By Lee Wiese

Colored Background Version of: MD-101, MD102, MD103

This article involves responsible metal detecting and the community. While practicing the hobby of metal detecting there have been a number of issues and questions that continues to come to oneís attention. These issues have been evident while metal detecting at large, at club hunts, in metal detecting conversations and during some recent club visits as VP of the Western Chapter. So what are the issues and questions?
Generally, it is the lack of knowledge by both new people to the hobby and some old timers. This lack of knowledge covers issues like where one can / cannot go metal detecting, proper methods of pin-pointing and minimizing ground cover damage during target recovery. I am sure that most everyone who metal detects has been exposed to similar situations and has seem first hand the results of very poor target recovery, or has talked to someone who has been asked to leave a specific detecting place due to lack of permission. As more people start to practice the hobby proper training and guidance will become essential for responsible detecting. Without proper education / training the result will be damaged property, public entities banding metal detecting, and arrests; all negatively impacting the reputation of the hobby.
These are the issues that have prompted me to suggest creating a club Member Certification Program for metal detecting clubs and individuals. I would willing to work with a club or clubs to establish such a certification program for its members.
Letís explore what a possible club metal detecting Certification Program would cover. A certification program is meant to certify metal detecting club members in a classroom environment on responsible metal detecting. The class would be approximately 6-8 hours in length, would cover an introduction to detecting, ethics for detecting and where to hunt, how to use a metal detector and target recovery.
Below is a four point outline for a club member certification program or some may call it a Metal Detecting 101 class.
1) The class would start with an introduction and discussion on:
  • The various Types of Metal Detecting (coins, jewelry, beach / water, prospecting, relics)
  • Who are the metal detector Manufacturers
  • General or Multi-purpose, Water, Prospecting, Relic Detectors
  • How to Purchase (local dealers, internet, etc.)
  • Equipment and other Detecting Accessories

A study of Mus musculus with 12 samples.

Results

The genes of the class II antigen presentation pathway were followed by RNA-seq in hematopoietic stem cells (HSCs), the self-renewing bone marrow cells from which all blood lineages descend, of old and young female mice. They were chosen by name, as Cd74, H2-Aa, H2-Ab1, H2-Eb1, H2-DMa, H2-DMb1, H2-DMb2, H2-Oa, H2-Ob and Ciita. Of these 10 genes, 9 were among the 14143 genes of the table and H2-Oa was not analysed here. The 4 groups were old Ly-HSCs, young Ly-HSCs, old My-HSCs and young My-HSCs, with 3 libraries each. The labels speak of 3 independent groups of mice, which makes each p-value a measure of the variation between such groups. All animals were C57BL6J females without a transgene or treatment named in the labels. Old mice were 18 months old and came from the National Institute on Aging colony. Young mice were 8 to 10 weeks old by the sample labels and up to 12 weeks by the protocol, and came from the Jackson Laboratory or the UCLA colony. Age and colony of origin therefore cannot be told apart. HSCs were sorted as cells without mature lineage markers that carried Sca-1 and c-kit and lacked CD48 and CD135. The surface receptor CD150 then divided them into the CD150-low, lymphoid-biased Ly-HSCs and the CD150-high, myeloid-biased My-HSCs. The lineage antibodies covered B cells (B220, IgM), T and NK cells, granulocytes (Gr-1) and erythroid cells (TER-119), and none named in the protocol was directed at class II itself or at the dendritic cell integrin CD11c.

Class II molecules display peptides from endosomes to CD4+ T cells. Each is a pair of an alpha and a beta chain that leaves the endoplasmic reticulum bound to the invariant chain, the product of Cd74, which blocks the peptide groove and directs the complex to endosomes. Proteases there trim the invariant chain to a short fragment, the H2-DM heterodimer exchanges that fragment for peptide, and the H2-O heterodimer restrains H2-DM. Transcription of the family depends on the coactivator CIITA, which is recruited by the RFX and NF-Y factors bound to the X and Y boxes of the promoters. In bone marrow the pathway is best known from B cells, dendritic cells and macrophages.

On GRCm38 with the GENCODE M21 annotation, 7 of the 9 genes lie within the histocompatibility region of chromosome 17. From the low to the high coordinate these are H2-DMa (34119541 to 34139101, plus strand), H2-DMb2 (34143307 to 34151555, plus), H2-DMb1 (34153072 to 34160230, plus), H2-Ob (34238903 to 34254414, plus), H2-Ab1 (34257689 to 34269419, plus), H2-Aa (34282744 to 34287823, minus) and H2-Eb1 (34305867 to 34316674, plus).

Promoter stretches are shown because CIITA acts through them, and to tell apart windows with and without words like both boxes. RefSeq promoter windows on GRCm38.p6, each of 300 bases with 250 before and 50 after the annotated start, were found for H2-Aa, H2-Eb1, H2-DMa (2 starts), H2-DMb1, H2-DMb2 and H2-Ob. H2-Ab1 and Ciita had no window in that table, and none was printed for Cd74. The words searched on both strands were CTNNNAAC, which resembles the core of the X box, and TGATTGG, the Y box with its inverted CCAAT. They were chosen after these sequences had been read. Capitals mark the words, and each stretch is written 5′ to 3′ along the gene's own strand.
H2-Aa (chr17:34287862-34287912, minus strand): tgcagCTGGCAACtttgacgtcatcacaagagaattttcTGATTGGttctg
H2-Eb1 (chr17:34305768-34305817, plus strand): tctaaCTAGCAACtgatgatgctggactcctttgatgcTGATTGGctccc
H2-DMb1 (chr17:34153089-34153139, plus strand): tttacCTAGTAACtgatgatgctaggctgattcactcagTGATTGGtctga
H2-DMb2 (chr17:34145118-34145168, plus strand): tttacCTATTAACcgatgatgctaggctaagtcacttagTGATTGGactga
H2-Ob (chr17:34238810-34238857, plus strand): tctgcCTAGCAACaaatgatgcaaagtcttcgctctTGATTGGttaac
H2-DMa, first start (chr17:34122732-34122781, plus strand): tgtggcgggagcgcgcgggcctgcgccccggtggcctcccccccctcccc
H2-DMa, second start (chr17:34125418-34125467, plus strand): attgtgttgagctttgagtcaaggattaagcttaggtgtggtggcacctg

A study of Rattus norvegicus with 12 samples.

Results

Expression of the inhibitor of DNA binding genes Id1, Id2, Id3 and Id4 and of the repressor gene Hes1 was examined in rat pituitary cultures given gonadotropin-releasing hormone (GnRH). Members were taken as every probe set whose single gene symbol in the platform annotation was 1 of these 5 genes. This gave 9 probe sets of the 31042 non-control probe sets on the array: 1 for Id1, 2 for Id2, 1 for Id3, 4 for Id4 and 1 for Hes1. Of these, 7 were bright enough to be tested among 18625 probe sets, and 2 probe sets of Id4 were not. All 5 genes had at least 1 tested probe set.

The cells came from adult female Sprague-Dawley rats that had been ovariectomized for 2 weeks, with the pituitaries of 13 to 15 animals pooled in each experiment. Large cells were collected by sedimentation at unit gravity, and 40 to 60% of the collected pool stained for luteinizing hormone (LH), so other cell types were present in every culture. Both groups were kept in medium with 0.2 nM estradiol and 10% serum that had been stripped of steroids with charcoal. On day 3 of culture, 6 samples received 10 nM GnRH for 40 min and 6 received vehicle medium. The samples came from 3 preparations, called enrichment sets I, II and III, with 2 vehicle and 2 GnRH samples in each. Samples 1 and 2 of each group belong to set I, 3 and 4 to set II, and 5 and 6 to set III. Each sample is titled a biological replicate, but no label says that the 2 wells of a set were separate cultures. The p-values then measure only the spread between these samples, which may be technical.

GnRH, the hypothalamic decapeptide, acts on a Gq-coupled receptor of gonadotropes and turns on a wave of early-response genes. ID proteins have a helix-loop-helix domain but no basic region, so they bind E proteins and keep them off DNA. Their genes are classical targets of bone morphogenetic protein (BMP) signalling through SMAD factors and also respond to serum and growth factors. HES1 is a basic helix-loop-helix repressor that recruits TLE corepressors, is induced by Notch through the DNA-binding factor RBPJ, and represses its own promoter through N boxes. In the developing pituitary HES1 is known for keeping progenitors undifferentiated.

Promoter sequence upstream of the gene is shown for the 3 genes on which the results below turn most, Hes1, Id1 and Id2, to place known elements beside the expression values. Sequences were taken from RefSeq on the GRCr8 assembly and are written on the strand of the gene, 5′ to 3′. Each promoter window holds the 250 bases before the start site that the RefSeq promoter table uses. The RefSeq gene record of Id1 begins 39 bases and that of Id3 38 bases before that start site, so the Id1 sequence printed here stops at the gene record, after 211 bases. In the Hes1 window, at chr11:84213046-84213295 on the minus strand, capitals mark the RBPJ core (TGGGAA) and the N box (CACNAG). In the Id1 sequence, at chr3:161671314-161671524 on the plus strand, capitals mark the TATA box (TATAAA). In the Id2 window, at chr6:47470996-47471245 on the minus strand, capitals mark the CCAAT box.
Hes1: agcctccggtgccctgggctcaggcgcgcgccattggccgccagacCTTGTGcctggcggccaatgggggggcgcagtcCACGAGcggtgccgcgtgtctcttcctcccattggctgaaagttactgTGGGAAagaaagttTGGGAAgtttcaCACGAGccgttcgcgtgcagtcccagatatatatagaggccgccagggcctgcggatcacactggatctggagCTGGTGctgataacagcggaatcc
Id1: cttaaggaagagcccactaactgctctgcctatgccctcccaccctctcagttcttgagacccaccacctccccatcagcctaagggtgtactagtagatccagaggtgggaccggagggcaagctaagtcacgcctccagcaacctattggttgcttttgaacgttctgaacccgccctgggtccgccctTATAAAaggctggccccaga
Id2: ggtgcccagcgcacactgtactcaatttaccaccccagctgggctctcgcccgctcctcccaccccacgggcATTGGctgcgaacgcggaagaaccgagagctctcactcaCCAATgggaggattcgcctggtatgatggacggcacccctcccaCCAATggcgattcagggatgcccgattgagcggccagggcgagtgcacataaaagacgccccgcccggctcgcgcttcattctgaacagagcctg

• The Internet and Metal Detecting
  • National and State Metal Detecting Organizations
   2) Instruction and discussion on:
  • Metal Detecting Ethics
  • Acquiring Permission to Metal Detect
  • Written and Verbal Contracts
  • Research (old newspapers, library, photos, etc.
where you can and cannot metal detect:
  • Local Public (parks, schools, public building grounds, beaches, pool areas, etc.)
  • State (parks, recreation areas, beaches, historical sites, etc.)
  • National (parks, forest, recreation areas, beaches, historical sites, etc.)
  • Private lands, lakes, resorts and beaches.
The section on the Local Public area and State can be tailored to a specific clubís location.

3) Next the class should cover how to:
  • Turn-on and Setup a Detector
  • Control Proper Swing and Coil Height
  • Proper Pin Pointing of a Target
  • Proper Recovery of a Target
Section (3) should be covered in a classroom and then practiced under classroom conditions in the field.
The certification class would be a requirement for every current member and every new member that joins a club.
At the completion of the class there can be recognition, with a certificate of completion or some other award.
This program can be a great selling point to your community authorities. The certification program demonstrates the clubs commitment to obeying laws, following good methods for practicing the hobby, and a willingness to reach out to educate its members and the community. The certification class can be used at schools to introduce students to the hobby, or offered as a metal detecting 101 class at your local community center.
In one case, I have witnessed a club that was able to get global permits for club members from city and school authorities by using a similar approach. In another case a club uses such a program to educate the community at large. It will work, and as more and more people join the hobby it will be a must in every club if the hobby is to continue to have access to public and private lands.